This news story was published on February 25, 2012.

There has been much discussion in the newspaper industry about the policing of comments on stories posted on newspaper websites. Publishers have tried, mostly in vain, to require those who would post comments to maintain a sense of civility.

In practice, it’s been shown more often than not that the people offering up anonymous comments tend to police themselves. When one goes too far, subsequent commenters usually put that person in his, or her, place.

Still, the ability to say anything under the cloak of anonymity has proven without fail to bring out the worst vitriol in people. Without their name attached to the comment, people feel free to say the most vicious, vile, degrading, false and misleading things about others who happen to have their name or story in the newspaper.

Many folks, both inside and outside the building, have been asking me to put a stop to it for more than a year. Some people who normally would talk to us about a story are now gun-shy, understandably concerned that when the story is posted to our website people will take baseless potshots at them for no other reason than they can get away with it.

Last Sunday we published the first of several annual Progress sections. Another installment will be included in tomorrow’s paper. To test a new method of commenting on stories, readers who want to have some input on Progress stories can do so, but they have to do it through their Facebook accounts.

It worked well the first week, and we’ll continue to do it through the rest of the Progress sections, which we will publish well into March.

It was a test of sorts. And it passed the test.

So we’re going to adopt the same approach to comments on stories published daily in the newspaper.

I encourage people to continue to offer their insight and opinion to the stories we publish. Creating an avenue for a community conversation on the important stories of the day is part of the mission of a local newspaper. It helps the discussion progress.

Converting it to a Facebook process means the person loses a certain level of anonymity. But that’s no different than requiring people who submit letters to the editor from telling us who they are, and we confirm their identity.

Sources and news subjects reveal themselves in stories, so it’s unfair to permit someone to hide behind anonymity and criticize or attack people who are the sources or subjects of those news stories. It’s our fault that we’ve allowed it to go on this long.

My motivation in permitting it was that at least we knew our stories were drawing interest. That thought process has changed.

If you want to create your own web presence and say ugly things about others because you can keep your identity secret, go for it. That’s your choice.

But you’re no longer going to be able to do it on the website of Iowa’s oldest newspaper, subsequently the oldest independent, objective media in the state.

The change will begin Monday.

In addition to changes on our commenting approa ch, we’re in the process of redesigning our website and will launch a subscription model later this spring or early summer. Current subscribers will get access to the site so long as their subscription is current. Subscribers will be receiving information in the coming months on how to create a login and password to access the site.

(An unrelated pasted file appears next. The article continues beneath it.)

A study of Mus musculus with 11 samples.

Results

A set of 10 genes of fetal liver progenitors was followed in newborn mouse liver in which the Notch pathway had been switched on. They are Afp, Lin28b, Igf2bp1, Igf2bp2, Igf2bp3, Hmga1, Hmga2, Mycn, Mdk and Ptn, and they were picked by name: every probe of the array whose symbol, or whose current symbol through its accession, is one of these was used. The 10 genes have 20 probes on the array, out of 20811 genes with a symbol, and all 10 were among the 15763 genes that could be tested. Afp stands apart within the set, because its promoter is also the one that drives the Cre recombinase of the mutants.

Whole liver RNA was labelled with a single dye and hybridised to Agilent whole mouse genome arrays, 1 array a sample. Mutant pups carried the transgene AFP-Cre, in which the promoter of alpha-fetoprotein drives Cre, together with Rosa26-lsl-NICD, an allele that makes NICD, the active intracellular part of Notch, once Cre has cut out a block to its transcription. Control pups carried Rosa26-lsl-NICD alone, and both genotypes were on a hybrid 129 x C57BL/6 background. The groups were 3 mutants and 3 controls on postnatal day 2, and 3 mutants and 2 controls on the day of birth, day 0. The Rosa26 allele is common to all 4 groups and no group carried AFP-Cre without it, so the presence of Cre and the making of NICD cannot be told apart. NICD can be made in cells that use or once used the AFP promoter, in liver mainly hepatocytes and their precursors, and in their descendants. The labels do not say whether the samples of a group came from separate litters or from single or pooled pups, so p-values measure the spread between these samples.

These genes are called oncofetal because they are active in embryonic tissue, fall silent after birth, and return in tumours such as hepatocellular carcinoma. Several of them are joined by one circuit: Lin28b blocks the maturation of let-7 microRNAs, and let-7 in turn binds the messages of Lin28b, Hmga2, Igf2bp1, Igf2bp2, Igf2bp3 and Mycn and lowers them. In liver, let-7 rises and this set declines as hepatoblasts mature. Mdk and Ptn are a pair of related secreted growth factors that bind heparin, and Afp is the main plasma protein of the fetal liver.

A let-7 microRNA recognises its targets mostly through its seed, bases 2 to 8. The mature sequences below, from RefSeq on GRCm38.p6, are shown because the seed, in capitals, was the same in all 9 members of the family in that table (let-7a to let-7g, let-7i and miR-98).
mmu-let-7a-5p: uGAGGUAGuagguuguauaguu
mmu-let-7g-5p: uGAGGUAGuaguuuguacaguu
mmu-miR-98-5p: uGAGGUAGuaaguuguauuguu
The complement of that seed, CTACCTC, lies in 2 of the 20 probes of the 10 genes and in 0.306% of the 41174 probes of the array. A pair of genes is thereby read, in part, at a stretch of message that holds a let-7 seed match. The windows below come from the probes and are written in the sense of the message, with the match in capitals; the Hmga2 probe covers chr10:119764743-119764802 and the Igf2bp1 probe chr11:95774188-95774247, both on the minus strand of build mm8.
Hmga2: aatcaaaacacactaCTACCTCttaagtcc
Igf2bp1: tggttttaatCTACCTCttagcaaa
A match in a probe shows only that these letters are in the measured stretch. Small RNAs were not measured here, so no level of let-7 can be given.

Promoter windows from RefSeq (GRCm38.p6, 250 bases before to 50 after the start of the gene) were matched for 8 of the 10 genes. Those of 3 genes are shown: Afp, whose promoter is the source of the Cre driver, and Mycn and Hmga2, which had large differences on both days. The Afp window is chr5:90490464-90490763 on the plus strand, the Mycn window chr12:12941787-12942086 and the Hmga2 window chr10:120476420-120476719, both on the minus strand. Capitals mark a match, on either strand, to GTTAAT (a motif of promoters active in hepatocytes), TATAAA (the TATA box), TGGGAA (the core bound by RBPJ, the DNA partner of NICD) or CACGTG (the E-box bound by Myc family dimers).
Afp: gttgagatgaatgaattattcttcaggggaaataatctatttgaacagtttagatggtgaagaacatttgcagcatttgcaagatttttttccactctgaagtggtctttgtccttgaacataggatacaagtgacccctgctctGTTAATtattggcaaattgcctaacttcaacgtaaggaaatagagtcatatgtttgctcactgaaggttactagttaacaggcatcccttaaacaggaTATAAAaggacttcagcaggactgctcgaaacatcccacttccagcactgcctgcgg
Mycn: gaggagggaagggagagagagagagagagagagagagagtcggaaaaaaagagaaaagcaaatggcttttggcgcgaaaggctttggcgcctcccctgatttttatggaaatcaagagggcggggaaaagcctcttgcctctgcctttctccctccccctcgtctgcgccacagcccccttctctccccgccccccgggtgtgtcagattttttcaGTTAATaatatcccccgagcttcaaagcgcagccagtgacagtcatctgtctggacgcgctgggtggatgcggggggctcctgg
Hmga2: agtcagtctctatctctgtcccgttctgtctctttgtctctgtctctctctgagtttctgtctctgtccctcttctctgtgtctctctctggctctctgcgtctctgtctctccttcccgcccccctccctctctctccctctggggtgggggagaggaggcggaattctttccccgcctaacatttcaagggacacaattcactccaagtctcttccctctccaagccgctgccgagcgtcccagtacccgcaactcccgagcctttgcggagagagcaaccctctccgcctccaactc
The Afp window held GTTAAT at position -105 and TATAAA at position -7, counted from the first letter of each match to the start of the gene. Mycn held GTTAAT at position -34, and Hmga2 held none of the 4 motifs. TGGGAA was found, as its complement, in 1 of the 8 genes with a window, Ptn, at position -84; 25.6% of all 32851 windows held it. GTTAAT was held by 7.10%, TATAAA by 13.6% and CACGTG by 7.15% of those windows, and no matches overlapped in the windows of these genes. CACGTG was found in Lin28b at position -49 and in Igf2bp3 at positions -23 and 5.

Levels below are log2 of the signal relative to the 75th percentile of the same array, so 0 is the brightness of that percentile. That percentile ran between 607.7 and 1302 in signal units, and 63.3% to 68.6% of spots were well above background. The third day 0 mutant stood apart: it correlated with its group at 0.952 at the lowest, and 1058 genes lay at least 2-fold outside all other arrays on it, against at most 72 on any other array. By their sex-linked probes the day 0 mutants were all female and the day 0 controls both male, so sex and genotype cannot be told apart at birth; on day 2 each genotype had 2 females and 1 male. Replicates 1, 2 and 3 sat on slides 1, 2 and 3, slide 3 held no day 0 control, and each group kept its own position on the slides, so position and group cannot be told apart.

There will be limited news content on the home page and a subscription needed for access to the complete news package. Newspapers across the country are making the conversion – Gannett announced a similar plan earlier this week for its newspapers – because news content, especially local news, costs money to produce and it has value to the consumer.

If your preference is a digital-only subscription to The Hawk Eye, that option will be available as well. We understand that many readers who access The Hawk Eye via our website live out of our delivery area and prefer immediate access to our content as opposed to waiting for the mailman to delivery it days later. We’ll be able to accommodate that.

Details of the conversion will be announced when they are hammered out. Stay tuned.


  1. Avatar

    Observer Reply Report comment

    February 27, 2012 at 3:22 am

    I no longer am a Facebook user for personal reasons.

    I believe that what Matt has here functions (spam filter not withstanding), and if need be, an automated registration process can be added, identifying who you are, but still allow a nom de plume for the sake of privacy. This allows Matt to know who I am, and the ability to curb my behavior if need be.

    I am not sure a registration type of software has a prohibitive cost, however it would add burden to the Webmaster. In that light, I would not mind paying a few shekels to support it.

  2. Avatar

    Lawrence Tully Reply Report comment

    February 26, 2012 at 12:38 am

    Love NIT I’m sure it will never cost to read the truth here! Matt don’t make us pay, please!! By the way I never read the glob!!!

  3. Avatar

    TheRealFred Reply Report comment

    February 25, 2012 at 7:22 pm

    No problem with commenting by facebook. But pay for accessing the “the rag” website???
    Why would anyone? Google news is free.
    DMR is nailing their own coffin shut.

  4. Avatar

    crm Reply Report comment

    February 25, 2012 at 6:53 pm

    I know its a stretch to NIT a newspaper!!

  5. Avatar

    crm Reply Report comment

    February 25, 2012 at 6:52 pm

    You mean NIT?

  6. Avatar

    Lancaster Reply Report comment

    February 25, 2012 at 5:44 pm

    Just wait till “Mason City’s worst newspaper” makes these same changes.

    • Avatar

      Palmdale Reply Report comment

      February 26, 2012 at 12:15 am

      Are you suggesting you read, interact, and comment on “Mason City’s worst newspaper”.